Sweet success for Sticky’s Candy

After just two years, Chilliwack-based Sticky's Candy has experienced incredible growth.

After 28 years in the Home Hardware business, Robin Burnette has hung up his tools in favour of a sweet tooth.

Burnette recently sold Logan’s Home Hardware in downtown Chilliwack to Jeff Fortin, who owns Fortin’s and the Home Hardware outlet in Sardis.

For 28 years Burnette has either worked for head office or owned a retail outlet. It wasn’t easy walking away.

“I’ve been with it for a long time; it was painful to let go,” he said.

But with the influx of big box stores in Chilliwack, “crippling the downtown,” and watching his profits steadily decline, Burnette felt it was time for a change.

His side project, Sticky’s Candy, became that change.

Since opening the first Sticky’s in downtown Chilliwack, with partner Frank Efremjan, in 2011, the business has exploded like a pack of Pop Rocks in your mouth. They now own three shops in the Fraser Valley, have franchised five more stores since February of this year, and are projecting to have 20 by next fall, making them the largest independent candy chain in Canada.

Burnette doesn’t see that success crashing.

For a year and a half, prior to opening their first shop, the business partners researched candy to the nth degree. They travelled all over the U.S., visited over 100 different candy stores, attended the largest candy expo in Chicago, all the while building relationships with suppliers and other such candy mongers.

They built their shop with retro candy in mind, not wanting to compete with big business.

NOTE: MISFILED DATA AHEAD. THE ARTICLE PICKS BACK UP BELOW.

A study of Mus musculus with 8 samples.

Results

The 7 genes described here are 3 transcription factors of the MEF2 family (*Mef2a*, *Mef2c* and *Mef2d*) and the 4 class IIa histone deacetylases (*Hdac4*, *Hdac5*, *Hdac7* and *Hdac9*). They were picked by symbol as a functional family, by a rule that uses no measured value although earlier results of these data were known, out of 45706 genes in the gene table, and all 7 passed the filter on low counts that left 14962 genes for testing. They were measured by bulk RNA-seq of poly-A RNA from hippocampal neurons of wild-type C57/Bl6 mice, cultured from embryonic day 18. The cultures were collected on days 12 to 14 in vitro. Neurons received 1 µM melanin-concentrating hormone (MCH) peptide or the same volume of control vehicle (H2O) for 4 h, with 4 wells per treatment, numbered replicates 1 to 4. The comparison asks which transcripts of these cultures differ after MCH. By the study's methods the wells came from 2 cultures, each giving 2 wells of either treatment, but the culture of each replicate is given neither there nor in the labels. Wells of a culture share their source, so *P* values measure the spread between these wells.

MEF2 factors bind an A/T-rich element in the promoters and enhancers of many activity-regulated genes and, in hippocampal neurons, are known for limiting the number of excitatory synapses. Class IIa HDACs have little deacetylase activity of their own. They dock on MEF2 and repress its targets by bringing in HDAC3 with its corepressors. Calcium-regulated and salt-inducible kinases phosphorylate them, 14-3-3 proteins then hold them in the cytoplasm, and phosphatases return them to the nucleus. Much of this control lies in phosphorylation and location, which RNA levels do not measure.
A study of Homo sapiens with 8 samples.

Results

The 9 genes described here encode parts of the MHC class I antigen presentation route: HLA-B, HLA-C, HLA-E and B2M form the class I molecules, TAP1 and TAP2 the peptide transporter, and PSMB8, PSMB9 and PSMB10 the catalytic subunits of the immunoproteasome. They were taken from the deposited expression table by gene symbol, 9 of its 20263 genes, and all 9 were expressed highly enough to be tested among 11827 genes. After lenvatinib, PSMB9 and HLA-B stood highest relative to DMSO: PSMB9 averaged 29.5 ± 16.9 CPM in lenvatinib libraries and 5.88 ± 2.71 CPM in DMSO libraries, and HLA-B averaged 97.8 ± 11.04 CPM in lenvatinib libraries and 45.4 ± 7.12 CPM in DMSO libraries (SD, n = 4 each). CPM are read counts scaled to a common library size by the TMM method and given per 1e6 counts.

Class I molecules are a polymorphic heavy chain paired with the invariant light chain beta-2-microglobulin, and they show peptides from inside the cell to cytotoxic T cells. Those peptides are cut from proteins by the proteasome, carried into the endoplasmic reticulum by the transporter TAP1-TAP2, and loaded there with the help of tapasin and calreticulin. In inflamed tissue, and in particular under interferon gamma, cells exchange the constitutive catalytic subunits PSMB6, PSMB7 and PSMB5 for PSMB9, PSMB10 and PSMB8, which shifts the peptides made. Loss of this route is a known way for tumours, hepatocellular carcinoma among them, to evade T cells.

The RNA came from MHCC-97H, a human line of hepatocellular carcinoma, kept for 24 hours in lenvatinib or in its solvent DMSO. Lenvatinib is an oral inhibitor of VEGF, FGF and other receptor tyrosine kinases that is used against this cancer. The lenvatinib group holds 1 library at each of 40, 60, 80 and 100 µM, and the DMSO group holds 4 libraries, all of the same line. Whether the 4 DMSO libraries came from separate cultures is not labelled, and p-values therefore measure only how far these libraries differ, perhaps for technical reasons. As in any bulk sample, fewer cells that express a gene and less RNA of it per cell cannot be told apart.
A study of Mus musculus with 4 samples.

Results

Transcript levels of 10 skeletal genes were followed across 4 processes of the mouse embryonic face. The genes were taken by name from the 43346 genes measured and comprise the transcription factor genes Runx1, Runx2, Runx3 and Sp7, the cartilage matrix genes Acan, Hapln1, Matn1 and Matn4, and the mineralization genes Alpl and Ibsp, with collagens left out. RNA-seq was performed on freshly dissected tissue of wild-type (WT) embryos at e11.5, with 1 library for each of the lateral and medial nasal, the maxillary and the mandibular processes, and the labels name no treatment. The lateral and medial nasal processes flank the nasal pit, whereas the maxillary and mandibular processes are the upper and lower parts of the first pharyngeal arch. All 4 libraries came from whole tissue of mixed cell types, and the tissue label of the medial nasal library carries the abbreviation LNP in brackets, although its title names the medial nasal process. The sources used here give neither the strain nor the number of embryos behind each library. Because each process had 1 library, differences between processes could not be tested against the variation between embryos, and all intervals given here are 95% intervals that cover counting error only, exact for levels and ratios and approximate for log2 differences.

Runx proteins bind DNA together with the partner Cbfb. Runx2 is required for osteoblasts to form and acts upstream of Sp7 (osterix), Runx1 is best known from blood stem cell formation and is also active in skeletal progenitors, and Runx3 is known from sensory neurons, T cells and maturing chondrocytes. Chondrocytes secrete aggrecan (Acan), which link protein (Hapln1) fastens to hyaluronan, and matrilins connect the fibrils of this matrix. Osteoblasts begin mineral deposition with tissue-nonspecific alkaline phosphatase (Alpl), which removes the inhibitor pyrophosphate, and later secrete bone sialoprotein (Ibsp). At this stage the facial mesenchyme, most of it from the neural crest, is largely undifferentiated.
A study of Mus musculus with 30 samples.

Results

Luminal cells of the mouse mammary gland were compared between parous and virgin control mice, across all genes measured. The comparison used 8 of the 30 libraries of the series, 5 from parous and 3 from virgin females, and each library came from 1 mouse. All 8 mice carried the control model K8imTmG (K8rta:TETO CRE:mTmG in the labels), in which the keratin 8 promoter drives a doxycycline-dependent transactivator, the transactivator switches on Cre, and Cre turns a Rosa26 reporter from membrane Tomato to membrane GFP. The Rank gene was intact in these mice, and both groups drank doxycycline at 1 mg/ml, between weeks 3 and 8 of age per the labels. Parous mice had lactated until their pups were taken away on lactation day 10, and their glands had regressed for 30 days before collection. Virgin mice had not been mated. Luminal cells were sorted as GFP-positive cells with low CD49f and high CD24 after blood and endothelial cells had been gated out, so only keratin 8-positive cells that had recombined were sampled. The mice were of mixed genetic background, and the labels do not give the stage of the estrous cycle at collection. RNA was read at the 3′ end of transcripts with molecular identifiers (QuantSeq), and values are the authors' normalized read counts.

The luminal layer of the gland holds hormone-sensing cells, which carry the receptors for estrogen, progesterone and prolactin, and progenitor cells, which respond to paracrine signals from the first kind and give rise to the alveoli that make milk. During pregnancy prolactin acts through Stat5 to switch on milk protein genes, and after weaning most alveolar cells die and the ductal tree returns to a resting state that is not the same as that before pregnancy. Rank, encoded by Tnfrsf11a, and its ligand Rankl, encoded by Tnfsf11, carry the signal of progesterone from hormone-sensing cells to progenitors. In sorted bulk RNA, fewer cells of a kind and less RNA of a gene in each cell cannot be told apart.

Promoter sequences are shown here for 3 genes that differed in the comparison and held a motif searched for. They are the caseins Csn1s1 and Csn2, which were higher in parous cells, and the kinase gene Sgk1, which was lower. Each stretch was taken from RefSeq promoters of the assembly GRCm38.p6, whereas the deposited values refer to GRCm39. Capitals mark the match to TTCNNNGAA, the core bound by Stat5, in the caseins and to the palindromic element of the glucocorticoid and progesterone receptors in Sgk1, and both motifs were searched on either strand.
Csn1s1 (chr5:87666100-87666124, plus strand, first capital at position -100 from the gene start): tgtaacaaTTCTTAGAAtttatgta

“We’ve hit a niche market,” he said. “Everybody has $5 to spend, and it’s a feel good atmosphere to bring your children in and show them the kinds of candy you ate as a child.”

Old sugary favourites – candy corn, Hot Lips, Fun Dip, Blow-Pop suckers, Pez dispensers, sour Warheads, and more – fill the shop’s shelves. There’s 91 different sodas, nearly 80 different chocolate bars from the United States and the UK, and blissful nostalgia in every nook and cranny you look.

“We’ve hit an age group from the 1940s up,” Burnette said.

“Our first store in Chilliwack quickly outpaced our expectations, so we decided to open another one in Langley, and then another in Maple Ridge. It wasn’t long after that people started asking to buy our business.”

They weren’t willing to sell, but they were open to franchising.

Since becoming a franchise in February, the business has attracted an impressive self-employed crowd – young adults, mostly in their 30s and 40s, wanting to work for themselves.

Now, the owners have their sights set on total candy domination.

“I’d like to see close to 100 stores in Canada,” said Burnette. “We’ve got to go hard. We’ve got to make sure no one comes against us.

“That’s what we’re doing.”

In Chilliwack, Sticky’s Candy is located on Wellington Ave. and Garrison Crossing.